Recommendations for Textiles and Apparel industry

25 Nov 2019

The textiles and apparel industry is one of the largest employers in India’s manufacturing sector, employing over 45 million workers. Given the intrinsic labor-intensive nature of textiles manufacturing, this sector holds tremendous potential for future employment which could go up to 62 million by 2022 with an estimated addition of 17 million more workers in the next four years.

With some key measures to support this industry, the recent decline in production and exports could turn into a big leap of growth.

1. It is critical to address the anomalies in duties and tax structures that have led to the increase in cost of production, making this industry uncompetitive. At present, Indian cotton yarn and fabric sectors are struggling on the export front due to the high incidence of block/embedded taxes and levies/surcharge of over 6%, in comparison to their counterparts in other countries. In order to make Indian fiber, yarn and fabric exports competitive, the RoSTCL benefits should be extended to the entire value chain. (These are at present only offered for apparel and made-ups businesses.)

Also, the textiles industry (especially the fabric sector) is struggling to avail credit of input GST on services like contractual manpower, repair and maintenance. Further, a majority of dyes and chemicals attract 18% GST rate owing to 5% GST on fabric output. The Government should devise a suitable mechanism for refund of GST credit accumulation for these key items.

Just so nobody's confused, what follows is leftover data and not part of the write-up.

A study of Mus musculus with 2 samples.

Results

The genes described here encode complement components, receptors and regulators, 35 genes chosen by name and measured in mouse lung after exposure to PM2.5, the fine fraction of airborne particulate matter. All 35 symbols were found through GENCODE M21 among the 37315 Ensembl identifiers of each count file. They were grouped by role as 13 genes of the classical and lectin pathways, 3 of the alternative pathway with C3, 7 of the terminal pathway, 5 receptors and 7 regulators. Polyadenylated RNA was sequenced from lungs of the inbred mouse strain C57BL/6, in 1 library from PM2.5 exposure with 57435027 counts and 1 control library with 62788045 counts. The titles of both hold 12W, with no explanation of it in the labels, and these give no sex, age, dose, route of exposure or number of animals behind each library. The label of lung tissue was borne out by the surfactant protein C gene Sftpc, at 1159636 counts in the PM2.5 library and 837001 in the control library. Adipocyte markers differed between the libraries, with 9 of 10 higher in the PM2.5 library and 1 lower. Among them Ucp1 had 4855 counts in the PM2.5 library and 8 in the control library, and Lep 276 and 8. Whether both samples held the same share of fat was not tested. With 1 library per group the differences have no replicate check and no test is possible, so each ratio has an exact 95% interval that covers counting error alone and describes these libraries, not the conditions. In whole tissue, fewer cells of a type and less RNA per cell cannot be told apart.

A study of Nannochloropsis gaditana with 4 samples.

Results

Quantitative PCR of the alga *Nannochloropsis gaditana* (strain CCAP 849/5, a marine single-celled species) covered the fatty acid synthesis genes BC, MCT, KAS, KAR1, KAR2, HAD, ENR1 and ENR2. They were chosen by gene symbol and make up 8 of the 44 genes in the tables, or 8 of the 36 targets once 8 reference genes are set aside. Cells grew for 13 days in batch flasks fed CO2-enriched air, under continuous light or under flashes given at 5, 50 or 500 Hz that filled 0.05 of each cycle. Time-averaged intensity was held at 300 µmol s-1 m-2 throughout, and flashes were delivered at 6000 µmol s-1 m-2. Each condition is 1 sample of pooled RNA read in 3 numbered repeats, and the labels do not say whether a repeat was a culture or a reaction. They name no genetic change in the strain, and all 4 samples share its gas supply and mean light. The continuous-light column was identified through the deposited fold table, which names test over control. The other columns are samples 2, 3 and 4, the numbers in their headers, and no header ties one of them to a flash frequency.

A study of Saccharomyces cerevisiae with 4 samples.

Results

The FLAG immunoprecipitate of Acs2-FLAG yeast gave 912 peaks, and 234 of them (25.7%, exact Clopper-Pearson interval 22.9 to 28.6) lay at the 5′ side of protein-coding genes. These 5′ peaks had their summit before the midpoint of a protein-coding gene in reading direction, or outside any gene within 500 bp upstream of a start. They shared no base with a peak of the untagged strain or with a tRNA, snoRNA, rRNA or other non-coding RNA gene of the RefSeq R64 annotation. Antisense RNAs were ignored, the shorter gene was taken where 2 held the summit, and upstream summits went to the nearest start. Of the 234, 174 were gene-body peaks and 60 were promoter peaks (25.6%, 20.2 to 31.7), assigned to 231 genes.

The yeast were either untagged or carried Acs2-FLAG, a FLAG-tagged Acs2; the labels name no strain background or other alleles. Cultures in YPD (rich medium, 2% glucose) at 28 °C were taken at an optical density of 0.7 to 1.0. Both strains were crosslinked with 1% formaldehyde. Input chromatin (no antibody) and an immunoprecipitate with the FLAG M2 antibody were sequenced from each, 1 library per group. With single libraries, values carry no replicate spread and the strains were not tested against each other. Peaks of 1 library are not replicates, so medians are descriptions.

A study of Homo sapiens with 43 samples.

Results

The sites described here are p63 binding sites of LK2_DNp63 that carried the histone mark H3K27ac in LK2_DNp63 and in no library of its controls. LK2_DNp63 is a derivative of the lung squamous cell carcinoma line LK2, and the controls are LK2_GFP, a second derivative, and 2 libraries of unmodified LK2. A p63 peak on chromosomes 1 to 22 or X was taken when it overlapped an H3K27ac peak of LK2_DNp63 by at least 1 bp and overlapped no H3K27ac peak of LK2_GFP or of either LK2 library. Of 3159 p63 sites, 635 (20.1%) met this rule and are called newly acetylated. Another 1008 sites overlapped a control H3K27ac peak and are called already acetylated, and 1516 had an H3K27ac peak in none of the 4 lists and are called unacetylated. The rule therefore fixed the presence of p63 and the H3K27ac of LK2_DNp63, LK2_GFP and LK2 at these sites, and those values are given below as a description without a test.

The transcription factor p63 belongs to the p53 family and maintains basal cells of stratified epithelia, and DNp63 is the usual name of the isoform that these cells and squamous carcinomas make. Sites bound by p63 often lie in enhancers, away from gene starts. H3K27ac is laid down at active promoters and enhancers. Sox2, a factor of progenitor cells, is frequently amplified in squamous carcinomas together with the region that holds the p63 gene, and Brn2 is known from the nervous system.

2. The Government needs to speed up finalizing free trade agreements (FTAs) with major markets, and also explore new markets. The EU FTA is critical for this industry. India has a 9.6% duty disadvantage compared to other exporting countries. Furthermore, the introduction of WTO-compliant export incentives will help India’s textiles and apparel industry continue its contribution to exports.

Also, it is important to review the Rules of Origin Law under the SAFTA Agreement to arrest imports from Bangladesh.

3. Worldwide, the demand is moving towards man- made fibers (MMF). However, the high price of raw materials for Indian MMF textiles is one of the major reasons for the low penetration of our synthetic textiles in both domestic and export markets. The MMF and man-made filaments and yarns (MMFY) segments are highly competitive the world over, and India is no exception. Hence our manufacturers mostly work on very thin margins.

CII recommends a reduction in GST on man-made fiber raw materials such as PTA (HS code 29173600) and MEG (HS code 29053100) from the present 18% to at least 12%, if not 5%, and a reduction in GST on synthetic (man-made) fiber (HS code 5503 2000) from 18% to 12%.

4. There is a need to extend financial help for modernization of machinery, particularly in the spinning sector. The TUFS guidelines need to be simplified and there should be effective clearance of all pending subsidies in a time-bound manner.

5. It is important to build large-scale facilities to attract the industry shifting base from China. India needs to introduce the cluster development process and provide common facilities for lab testing, skill training, sampling, incubation centers for product development, engagement with local craftsmen for design fusion, etc. The cost of power and electricity in India is high due to cross-subsidies, inefficiencies, and wheeling charges. The needs to be addressed.

6. The garment industry is time-sensitive. It is vital for suppliers to reduce the lead time. It is essential to strategically provide seamless logistics, better infrastructure and streamlined regulatory process to exporters. Required infrastructure needs to be constructed for shipping lines for carrying cargo. The 24*7 facility at sea ports needs to be improved and mother vessels should be made available at least two times a week. Further, the number of ports providing these mother vessels also needs to increase.